Posted by Sara Zuboff on March 14, 2017
Ultrasound is a popular modality that uses sound waves to reduce pain and swelling of soft-tissue injuries. This modality is used by practitioners like physical therapists and chiropractors to treat small, specific injury sites. Short wave diathermy is typically used as an alternative to ultrasound when a wider area of heat application is required.
Diathermy is a therapeutic modality that is most commonly used for joint conditions such as rheumatoid arthritis and osteoarthritis. The term diathermy refers to the creation of heat using electrical pulses. In diathermy, a high-frequency electric current is delivered via shortwave, microwave, or ultrasound which is able to generate deep heat in body tissues. The heat can be used to improve circulation and/or to relieve pain. In addition, shortwave diathermy can be used in medicine for treating damaged tissues and relaxing muscles.
The electric pulse of Short-Wave Diathermy creates heat deep inside a targeted tissue, reaching areas as deep as two inches from the skin’s surface. While the diathermy machine doesn’t apply heat directly to the body, the current created by the machine allows the body to generate heat within the targeted area itself.
It is when the heat of the area increases, that blood flow is improved along with improvements to flexibility in stiff joints and connective tissue making it a good choice to use for patients with arthritis.
The main benefits for decreased pain and inflammation is it allows patients to gently increase their range of motion allowing them to move with more ease and participate in rehabilitation with more comfort.
Diathermy isn’t just used in rehabilitation. Diathermy can be used in surgical procedures where when the electrode can be applied to a blood vessel. The heat generated by diathermy in the vessel will cause the blood to coagulate allowing the vessel to be cauterize(seal).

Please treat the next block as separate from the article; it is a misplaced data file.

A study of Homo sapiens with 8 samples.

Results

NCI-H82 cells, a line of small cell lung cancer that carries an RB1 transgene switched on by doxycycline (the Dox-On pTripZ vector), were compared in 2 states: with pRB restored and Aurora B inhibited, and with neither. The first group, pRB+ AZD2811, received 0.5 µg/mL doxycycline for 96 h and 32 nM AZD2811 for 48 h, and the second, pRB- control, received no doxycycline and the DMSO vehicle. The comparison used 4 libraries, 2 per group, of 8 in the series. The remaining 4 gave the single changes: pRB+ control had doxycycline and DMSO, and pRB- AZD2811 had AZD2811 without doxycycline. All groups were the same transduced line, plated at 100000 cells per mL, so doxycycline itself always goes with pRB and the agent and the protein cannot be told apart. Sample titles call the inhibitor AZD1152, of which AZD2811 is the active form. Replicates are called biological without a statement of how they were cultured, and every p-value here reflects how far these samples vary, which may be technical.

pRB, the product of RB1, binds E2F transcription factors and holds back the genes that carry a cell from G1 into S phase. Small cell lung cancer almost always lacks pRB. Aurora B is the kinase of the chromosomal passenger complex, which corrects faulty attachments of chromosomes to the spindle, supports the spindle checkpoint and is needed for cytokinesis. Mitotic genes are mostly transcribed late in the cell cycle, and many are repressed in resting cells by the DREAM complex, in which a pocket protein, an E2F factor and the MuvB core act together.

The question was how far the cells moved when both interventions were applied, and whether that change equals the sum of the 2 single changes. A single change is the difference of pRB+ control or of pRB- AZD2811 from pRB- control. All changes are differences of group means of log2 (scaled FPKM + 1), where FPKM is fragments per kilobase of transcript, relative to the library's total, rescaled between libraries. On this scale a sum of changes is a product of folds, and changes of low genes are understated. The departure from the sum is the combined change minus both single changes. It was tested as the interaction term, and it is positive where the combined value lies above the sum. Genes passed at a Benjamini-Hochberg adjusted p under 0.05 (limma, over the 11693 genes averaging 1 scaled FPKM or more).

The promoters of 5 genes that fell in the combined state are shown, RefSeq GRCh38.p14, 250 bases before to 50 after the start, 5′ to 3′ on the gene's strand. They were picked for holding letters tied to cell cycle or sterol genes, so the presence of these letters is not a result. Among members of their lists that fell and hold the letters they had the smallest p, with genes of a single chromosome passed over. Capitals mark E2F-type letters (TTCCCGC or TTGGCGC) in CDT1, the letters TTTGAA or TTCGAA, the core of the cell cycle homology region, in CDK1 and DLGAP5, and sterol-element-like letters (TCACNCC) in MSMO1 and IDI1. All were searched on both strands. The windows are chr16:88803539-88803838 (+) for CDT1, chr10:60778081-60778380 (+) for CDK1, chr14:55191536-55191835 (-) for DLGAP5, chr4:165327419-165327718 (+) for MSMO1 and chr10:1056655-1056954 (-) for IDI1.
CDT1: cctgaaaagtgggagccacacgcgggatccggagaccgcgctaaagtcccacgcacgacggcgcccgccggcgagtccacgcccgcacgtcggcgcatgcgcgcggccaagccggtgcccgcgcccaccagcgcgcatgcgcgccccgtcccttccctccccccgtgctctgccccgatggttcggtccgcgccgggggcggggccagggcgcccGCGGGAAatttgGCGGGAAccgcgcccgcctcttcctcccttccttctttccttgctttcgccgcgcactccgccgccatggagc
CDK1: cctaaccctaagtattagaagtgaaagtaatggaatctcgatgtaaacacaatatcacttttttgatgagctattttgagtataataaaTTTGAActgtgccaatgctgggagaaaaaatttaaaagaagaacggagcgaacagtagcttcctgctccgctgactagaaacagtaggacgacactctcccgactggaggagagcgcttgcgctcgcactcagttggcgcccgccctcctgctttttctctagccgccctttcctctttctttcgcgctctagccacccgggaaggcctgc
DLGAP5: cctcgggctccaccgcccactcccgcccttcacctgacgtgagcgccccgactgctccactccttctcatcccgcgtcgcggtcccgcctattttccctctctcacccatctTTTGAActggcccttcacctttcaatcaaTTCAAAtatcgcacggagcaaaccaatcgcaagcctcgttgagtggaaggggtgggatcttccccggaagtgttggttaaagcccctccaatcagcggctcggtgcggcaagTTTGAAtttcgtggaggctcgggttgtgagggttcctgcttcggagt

Diathermy can also be used to remove abnormal growths, such as tumors, especially in procedures where traditional techniques are impractical. For example, surgical diathermy can be used to address issues in the prostate, bladder, cervix, brain, ovaries, bowels, eyes, and tonsils.
Short wave diathermy is a distinguished form of diathermy (different than ultrasound and microwave) which involves sending high-frequency waves throughout the patient’s body and into the affected tissues. The energy waves are sent from condenser plates located on either side of the tissue being treated. Typical short wave diathermy machines operate at a frequency of 27.33 MHz and have wave lengths of 11 meters.
Similar to other methods for applying energy to the body, short wave diathermy can be applied in two distinct modes: continuous or pulsed. When continuous mode is used, the tissue being targeted becomes heated as the waves constantly convey energy to them. Pulsed mode is used when less heat is desired for the affected tissue. When short wave diathermy is applied in pulse mode, the mechanical effects of the treatment are applied independent of the thermally affecting (heating) the tissue. One of the most promising applications of pulsed mode is it is able to facilitate increased flexibility and joint mobilization for restoration of joint range of motion. Short-wave diathermy includes non-thermal benefits as well including:
Short-wave Diathermy is also effective when used with other rehabilitative modalities. In a study published in the American Journal of Physical Medicine and Rehabilitation found that short-wave diathermy used with hot packs and isokinetic exercises were more effective in reducing pain and increasing function in participants with knee osteoarthritis.
Another study, Evaluation of the effects of shortwave diathermy in patients with chronic low back pain, found that short-wave diathermy significantly decreased pain, improved circulation and increased flexibility in patients with low-back pain.
Short-wave Diathermy is contraindicated for use over metal implants that have circular wire components or elements that form loops or circles, because it may result in excessive heating of the metal causing discomfort or possible injury.
Short-wave Diathermy can be effective in providing some relief and treatment of symptoms related to:
The following video, published by Leeds Metropolitan University, explains more about how short wave diathermy works and shows a patient receiving a treatment.
While diathermy isn’t as popular as ultrasound in rehabilitation, shortwave diathermy has some benefits that should increase its consideration and use in physical therapy and rehabilitation. Used alone as a pain management modality or used in conjunction with other modalities in order to increase function, diathermy is an extremely effective tool in returning patients to pain-free function. From managing pain to facilitating wound healing, diathermy is able to address diverse problems that come up in rehabilitation and should be a tool to consider adding to treatment regimens.